White Ghosts of the North
These white ghosts of the north are attractive birds and, therefore, attract birders and photographers alike from all over when present in an area.
Wildlife Photographer Brittany Crossman wrote a stunning piece for Conjour last year showcasing her famous photography of the red fox. Here, she shares another love of hers: photographing the majestic Snowy owl.
By Brittany Crossman
Snowy owls are beautiful northern dwelling birds that I sometimes have the rare opportunity to see when they venture south during winter months. These wintering grounds are often used each year by these owls, however, their numbers in these areas fluctuate.
Like many owls, the snowy owl typically preys upon small rodents, especially lemmings in their breeding grounds. When in their wintering territories, they can be observed eating small rodents to even ducks. The areas of choice in winter are usually along coastlines where sea ducks are abundant or farmland/fields where rodents are plentiful.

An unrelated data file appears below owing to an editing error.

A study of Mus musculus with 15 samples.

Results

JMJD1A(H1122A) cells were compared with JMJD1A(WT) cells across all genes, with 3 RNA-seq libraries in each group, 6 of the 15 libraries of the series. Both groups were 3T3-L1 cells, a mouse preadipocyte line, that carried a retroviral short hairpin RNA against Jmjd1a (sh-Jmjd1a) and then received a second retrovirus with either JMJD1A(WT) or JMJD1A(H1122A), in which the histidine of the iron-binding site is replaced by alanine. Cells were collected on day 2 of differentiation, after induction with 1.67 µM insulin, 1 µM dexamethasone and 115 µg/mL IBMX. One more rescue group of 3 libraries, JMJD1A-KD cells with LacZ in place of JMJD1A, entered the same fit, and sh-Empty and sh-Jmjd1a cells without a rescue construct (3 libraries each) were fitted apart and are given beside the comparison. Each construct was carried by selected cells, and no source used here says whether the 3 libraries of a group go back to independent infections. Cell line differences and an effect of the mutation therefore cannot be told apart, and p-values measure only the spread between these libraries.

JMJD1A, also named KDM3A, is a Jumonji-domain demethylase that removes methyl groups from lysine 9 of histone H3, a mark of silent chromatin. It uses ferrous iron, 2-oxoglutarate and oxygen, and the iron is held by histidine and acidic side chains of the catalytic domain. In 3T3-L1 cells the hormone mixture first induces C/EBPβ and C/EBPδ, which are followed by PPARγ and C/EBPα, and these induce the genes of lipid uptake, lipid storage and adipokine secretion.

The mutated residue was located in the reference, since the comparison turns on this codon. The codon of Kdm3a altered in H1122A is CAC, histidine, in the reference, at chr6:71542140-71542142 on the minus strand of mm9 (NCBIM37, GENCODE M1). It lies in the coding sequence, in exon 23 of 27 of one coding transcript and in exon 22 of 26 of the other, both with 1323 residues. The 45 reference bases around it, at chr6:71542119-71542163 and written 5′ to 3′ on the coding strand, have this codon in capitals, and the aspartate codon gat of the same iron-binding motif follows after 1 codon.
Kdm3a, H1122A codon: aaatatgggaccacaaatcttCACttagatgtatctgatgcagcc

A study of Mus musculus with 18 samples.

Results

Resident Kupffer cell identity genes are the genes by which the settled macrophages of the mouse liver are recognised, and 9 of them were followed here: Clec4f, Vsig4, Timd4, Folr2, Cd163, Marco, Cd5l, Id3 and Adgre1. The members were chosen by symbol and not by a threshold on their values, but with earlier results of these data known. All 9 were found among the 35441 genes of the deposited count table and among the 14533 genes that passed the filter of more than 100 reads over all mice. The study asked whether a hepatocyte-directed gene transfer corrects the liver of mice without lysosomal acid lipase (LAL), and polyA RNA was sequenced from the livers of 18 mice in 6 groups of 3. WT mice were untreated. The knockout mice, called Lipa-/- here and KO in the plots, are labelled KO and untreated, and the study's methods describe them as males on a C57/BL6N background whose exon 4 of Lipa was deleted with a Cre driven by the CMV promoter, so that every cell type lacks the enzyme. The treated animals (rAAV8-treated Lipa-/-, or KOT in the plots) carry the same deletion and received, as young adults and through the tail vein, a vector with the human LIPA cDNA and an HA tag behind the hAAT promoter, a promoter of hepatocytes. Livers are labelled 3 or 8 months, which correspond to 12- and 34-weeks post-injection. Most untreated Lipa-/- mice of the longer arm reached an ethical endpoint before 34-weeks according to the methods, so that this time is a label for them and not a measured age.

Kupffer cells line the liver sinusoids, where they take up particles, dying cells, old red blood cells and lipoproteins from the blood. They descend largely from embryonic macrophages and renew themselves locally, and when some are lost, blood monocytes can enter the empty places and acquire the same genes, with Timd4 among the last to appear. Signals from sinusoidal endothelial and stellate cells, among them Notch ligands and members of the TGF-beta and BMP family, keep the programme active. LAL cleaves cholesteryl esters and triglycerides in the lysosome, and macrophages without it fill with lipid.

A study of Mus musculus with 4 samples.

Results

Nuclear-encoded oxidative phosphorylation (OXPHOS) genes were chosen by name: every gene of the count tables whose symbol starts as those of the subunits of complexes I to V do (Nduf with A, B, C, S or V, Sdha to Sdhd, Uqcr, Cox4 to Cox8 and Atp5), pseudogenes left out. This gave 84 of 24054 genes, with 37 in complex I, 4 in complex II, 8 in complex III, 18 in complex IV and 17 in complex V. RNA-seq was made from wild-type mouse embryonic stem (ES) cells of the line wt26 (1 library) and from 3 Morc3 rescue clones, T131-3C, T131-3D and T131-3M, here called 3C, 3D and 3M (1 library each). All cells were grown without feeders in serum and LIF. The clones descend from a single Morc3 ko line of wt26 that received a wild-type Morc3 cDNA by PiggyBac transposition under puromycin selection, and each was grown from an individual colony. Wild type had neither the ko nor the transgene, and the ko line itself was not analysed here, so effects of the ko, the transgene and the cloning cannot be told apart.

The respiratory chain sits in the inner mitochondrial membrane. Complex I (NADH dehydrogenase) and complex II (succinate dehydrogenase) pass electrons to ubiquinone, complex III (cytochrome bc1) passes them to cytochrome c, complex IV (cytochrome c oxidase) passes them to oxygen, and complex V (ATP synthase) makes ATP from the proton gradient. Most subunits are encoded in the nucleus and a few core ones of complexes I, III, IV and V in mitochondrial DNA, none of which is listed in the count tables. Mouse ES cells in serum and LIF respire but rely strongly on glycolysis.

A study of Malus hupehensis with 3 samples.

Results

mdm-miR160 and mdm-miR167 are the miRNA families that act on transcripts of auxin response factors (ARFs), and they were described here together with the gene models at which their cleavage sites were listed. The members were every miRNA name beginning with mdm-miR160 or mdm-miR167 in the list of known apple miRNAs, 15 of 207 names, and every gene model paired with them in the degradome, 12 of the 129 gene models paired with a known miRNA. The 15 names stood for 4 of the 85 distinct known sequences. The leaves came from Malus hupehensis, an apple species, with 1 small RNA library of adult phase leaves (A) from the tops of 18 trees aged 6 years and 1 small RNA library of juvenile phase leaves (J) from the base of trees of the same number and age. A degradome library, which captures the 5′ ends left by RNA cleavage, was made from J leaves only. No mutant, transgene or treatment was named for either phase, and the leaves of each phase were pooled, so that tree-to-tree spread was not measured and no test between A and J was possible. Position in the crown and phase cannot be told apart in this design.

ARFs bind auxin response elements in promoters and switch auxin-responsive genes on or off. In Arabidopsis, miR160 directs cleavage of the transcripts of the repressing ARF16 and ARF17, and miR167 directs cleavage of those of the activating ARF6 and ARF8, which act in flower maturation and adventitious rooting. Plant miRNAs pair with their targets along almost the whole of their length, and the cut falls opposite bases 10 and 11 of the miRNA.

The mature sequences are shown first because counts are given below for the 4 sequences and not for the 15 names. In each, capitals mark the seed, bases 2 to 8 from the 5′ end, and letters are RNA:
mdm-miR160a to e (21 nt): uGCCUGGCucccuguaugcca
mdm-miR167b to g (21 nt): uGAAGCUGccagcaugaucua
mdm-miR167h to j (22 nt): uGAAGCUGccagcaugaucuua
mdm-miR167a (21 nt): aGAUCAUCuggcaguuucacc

Snowy owls have very few natural predators, their biggest threat being humans. During their migration south, snowy owls are hit by vehicles, suffer from collisions with power lines and other man-made structures. Young inexperienced snowy owls can also die due to starvation if prey are low in numbers or if they are frequently disrupted while hunting. Snowy owls need to eat and average of 9-10 rodents a day to sustain themselves.
These white ghosts of the north are attractive birds and, therefore, attract birders and photographers alike from all over when present in an area. With any wildlife, it is always important to give them adequate space. Getting too close can result in stress or make the bird fly off and burn unnecessary energy that should be saved for hunting. Enjoy these beautiful birds from a respectful distance, and everyone wins.